I’m not sure why no one ever talks about it, but parenting older kids feels lonely sometimes.

It’s the weirdest thing because, really, I’m never actually ALONE in my own house.

But these days their wants and needs seem bigger than anything I can provide. And the little people who once hung all over me. Needing me constantly. Poking chubby little fingers under the door of the bathroom. Calling for me, “Momma! Watch this!” over and over. Wanting only ME . . . 

Well, they’re growing up. And away. And I’ve been thrown into this “supporting role.”

Still needed, yes. But in a different way.


Their teen tantrums and angst.

Their hurts and fears.

And I wonder constantly if I’m doing it right. Are they OK?

Years ago, I could solve their problems with a hug or a snack and they’d reward me with wet, slobbery kisses because my role as MOM was the center of their whole world.

Now I mostly feel in the way. Naggy. Lame.

I’m trying my best to grow them up right. Teach them responsibility. Allow for life’s consequences. I say things like, “Did you get your assignments turned in?” and, “Are your chores done?” or, “Hey, you know you can’t have your phone during a Zoom lecture . . . hand it over.”

But these days, hugs are few and far between. Usually given with a limp arm. Or the lean in with no arms at all! And I’m rewarded most often with eyes rolls and low groans and, “Ugh. Mom. Seriously?”

I’d be lying if I said I wasn’t lonely sometimes.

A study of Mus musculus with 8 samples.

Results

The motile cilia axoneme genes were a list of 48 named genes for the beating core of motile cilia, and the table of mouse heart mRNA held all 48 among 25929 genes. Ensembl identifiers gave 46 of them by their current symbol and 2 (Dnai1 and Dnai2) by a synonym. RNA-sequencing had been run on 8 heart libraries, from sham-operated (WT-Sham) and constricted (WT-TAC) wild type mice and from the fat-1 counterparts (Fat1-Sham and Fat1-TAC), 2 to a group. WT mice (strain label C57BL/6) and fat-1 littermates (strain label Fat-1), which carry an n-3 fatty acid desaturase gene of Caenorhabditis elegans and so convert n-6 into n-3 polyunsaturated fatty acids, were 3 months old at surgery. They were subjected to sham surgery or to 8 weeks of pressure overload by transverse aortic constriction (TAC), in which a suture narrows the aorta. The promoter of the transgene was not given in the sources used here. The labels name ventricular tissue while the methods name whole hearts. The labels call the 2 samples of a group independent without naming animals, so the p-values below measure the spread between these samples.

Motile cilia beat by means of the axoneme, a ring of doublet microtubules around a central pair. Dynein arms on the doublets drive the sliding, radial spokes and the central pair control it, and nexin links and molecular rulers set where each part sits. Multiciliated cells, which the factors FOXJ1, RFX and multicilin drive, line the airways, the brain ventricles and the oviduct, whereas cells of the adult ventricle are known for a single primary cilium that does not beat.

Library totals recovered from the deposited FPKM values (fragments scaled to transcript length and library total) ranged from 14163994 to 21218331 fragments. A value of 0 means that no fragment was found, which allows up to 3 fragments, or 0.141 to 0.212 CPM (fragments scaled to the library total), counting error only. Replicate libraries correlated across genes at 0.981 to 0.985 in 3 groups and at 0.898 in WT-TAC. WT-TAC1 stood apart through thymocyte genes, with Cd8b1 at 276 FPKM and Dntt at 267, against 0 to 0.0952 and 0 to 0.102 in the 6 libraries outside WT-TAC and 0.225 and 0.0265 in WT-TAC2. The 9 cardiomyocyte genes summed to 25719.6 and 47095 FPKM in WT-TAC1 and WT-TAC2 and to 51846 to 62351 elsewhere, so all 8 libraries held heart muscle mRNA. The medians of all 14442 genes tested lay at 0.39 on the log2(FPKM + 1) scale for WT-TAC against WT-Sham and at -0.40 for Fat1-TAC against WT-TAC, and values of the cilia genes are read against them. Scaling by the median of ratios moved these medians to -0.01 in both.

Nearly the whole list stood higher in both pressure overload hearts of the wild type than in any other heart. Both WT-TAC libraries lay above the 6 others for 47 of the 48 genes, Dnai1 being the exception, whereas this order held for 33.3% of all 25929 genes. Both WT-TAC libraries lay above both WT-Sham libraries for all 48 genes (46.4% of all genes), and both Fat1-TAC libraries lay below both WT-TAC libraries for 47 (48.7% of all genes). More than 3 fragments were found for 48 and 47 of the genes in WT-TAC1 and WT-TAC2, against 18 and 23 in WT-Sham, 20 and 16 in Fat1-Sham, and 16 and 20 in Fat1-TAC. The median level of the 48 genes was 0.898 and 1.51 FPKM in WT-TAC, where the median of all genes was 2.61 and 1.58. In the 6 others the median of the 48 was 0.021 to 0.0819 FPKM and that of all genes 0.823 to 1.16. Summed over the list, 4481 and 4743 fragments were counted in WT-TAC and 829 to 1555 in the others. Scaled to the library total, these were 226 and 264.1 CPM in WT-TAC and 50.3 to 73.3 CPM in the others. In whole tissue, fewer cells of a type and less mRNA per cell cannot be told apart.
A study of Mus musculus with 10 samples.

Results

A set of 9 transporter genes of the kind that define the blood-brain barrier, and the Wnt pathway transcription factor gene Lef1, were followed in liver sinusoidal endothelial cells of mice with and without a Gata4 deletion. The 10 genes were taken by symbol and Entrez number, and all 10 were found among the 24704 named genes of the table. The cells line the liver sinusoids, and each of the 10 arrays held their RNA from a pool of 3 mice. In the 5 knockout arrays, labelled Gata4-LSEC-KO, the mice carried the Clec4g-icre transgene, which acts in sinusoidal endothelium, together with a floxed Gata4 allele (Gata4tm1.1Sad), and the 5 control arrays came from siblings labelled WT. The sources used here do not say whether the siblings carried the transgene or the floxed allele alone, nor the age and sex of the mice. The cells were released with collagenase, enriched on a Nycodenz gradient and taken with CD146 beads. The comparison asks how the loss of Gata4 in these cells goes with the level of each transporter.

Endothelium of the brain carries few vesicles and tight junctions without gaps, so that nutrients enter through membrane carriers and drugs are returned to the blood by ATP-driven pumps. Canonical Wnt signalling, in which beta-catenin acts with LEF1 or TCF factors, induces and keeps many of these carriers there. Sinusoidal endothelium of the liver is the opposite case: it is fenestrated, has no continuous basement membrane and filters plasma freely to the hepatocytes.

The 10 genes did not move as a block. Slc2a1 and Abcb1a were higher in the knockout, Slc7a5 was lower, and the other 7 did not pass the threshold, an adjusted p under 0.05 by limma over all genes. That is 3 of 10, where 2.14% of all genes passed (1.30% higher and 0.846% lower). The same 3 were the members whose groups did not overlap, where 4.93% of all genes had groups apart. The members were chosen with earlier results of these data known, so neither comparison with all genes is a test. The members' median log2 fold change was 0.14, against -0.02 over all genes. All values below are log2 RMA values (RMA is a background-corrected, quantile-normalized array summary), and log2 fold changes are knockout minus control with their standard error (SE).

Plus, I can’t seem to finish a single solitary thought without a barrage of questions. Or distractions. Or kids bickering. Or, “Mom, where’s the charger?” Or the constant complaint there is nothing to eat.

Occasionally I get a big smile from the court as they scan the bleachers for my eyes. And sometimes we have a late-night snack in the kitchen and rehash the game or watch basketball highlights on YouTube. A different kind of, “Mom, watch this!”

These are the moments I savor and store away.

But all the same . . . I feel lonely sometimes.

Maybe you feel it, too.

Parenting older kids can be lonely.

So, maybe . . . we can do it together.

Originally published on Ordinary on Purpose, by Mikala Albertson

Mikala Albertson

I’m Mikala. I married my high school sweetheart almost 17 years ago and I’m a (mostly) stay-at-home Family Practice doctor raising four boys and a little girl. I write about the simple, everyday, ordinary events of my life’s journey because I think LIFE happens in the ordinary (and even awful and chaotic!). I try so hard to just be ordinary, on purpose.